Friday, April 26, 2013

Woman Combing Her Hair by Degas.

Woman Combing Her Hair

Technical Data

The painting I have chosen is Woman Combing Her Hair by Edgar Degas. He was born on the 19th July, 1834 and he died on the 27th September, 1917.

This painting was painted from 1888 to 1890 with three different types of pastel on cardboard. Its dimensions are 61.3 x 46 cm. It had many owners. The first one was Durand-Ruel, who bought it to Degas on the 27th February, 1891. Later there were other buyers and the last one was San Salz, who bought and sold it on the 30th April 1950 to Mr. and Mrs. B. Nate Spingold. They gave it to the museum later. Now this painting is located in the Metropolitan Museum of Art in New York, in the Gallery 817.


This painting shows a woman combing her hair after bathing. The woman’s position is very interesting and peculiar. This picture is painted with soft pastel and Degas used primary and complementary colors. We can see the outlines to differentiate the background and the woman. We can also see light areas in the arms and some parts of the back and shadow areas in the low part of the back, her legs and some areas of the background. Degas mixed mahogany, black and brown colors in the woman’s hair, which contrast with the dark yellow background. The woman shows a little of movement in her arms while she is combing her hair. This pastel shows the force of form and color Degas wanted to display. The background has some brush-strokes of different colours, it is very colorful. This painting is made from a central perspective, but the body occupies the left part of the painting mainly.


Degas was a French artist famous for his works in painting, sculpture and drawing. Degas had a personal style, which connects with the great art of old painters, such as Ingres and Delacroix. He said: “I never adopted the impressionist stain of colour”. His scenes were about the Parisian life, eccentric compositions, experiments with colour and form and he was included in the impressionist movement. When he started to paint café life scenes, he changed his style and started to paint with a darker palette, live colours and intrepid brushstrokes.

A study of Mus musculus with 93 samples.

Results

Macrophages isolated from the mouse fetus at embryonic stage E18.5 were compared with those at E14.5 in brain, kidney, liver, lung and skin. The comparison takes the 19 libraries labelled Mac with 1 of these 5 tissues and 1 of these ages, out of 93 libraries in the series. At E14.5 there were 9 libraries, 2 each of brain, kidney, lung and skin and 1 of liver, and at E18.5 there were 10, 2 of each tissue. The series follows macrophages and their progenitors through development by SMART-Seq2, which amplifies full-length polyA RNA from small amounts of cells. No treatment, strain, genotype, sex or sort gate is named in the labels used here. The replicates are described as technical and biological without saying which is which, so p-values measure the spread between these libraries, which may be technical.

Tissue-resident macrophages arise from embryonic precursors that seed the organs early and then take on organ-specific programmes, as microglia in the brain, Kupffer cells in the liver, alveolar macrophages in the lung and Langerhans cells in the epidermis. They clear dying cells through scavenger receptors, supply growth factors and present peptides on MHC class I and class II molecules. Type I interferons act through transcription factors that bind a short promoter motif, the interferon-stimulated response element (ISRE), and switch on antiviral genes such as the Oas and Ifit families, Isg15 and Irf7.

He is identified with dancers and racecourses works, but in the mid-1870s Degas started to paint and draw women drying themselves with towels, combing their hair and bathing. He is considered to be an impressionist painter and he participated in seven impressionist exhibitions.

Degas wanted to show the external beauty of a woman. This is an impressionist painting because it has primary and complementary colors, lights change the color, there are different versions of the same theme (there are at least six similar paintings to this one) and it represents a scene of ordinary life. 

All these pictures are from the same link:

Realist painters represented the nudes in a real way, but Impressionism contributed with movement. Impressionist painters started to paint nude bathers, because this was a natural way of representing this theme and Degas started to paint women in different situations at their toilet: undressing, dressing, drying themselves....

 All these pictures are from this link:

Comparison between different Degas’ works of art 

If I compare this picture with other Degas’ works of art , I can say that this and five more paintings are special, because Degas painted dancers and racecourses, but he changed his theme and started to paint women after bathing, combing their hair, drying their neck, etc. I can also say that the last paintings he painted have more colours and they aren’t boring, because the first paintings about dancers he painted were too dark!

My personal opinion 

I like this painting by Degas very much, because when I saw it I felt something special which called my attention and it isn’t the typical landscape with a boat or nature.


I have looked for information on the following links:
- Oxford Pocket dictionary to look for some words that I didn’t know
- The World encyclopedia.


Paloma Gómez de la Cueva said...

Hello Laura!
I really like your work by Degas.
The painting is interesting and it include a complete information.
See you on Monday!

Monica said...

Hello Laura!
Very good work. I like it a lot. The information is easy to understan and you include a lot of photos. So I like it to much.

Paqui Pérez Fons said...

Hello Laura,

Good work! You've found very beautiful images. Women having a bath was an excuse to paint nudes and many painters of this period turned to this topic in order to be able to represent naked women (remember the scandal with Manet's paintings Olympia and Luncheon on the grass).

In my opinion, yoor project deserves 9.5 points.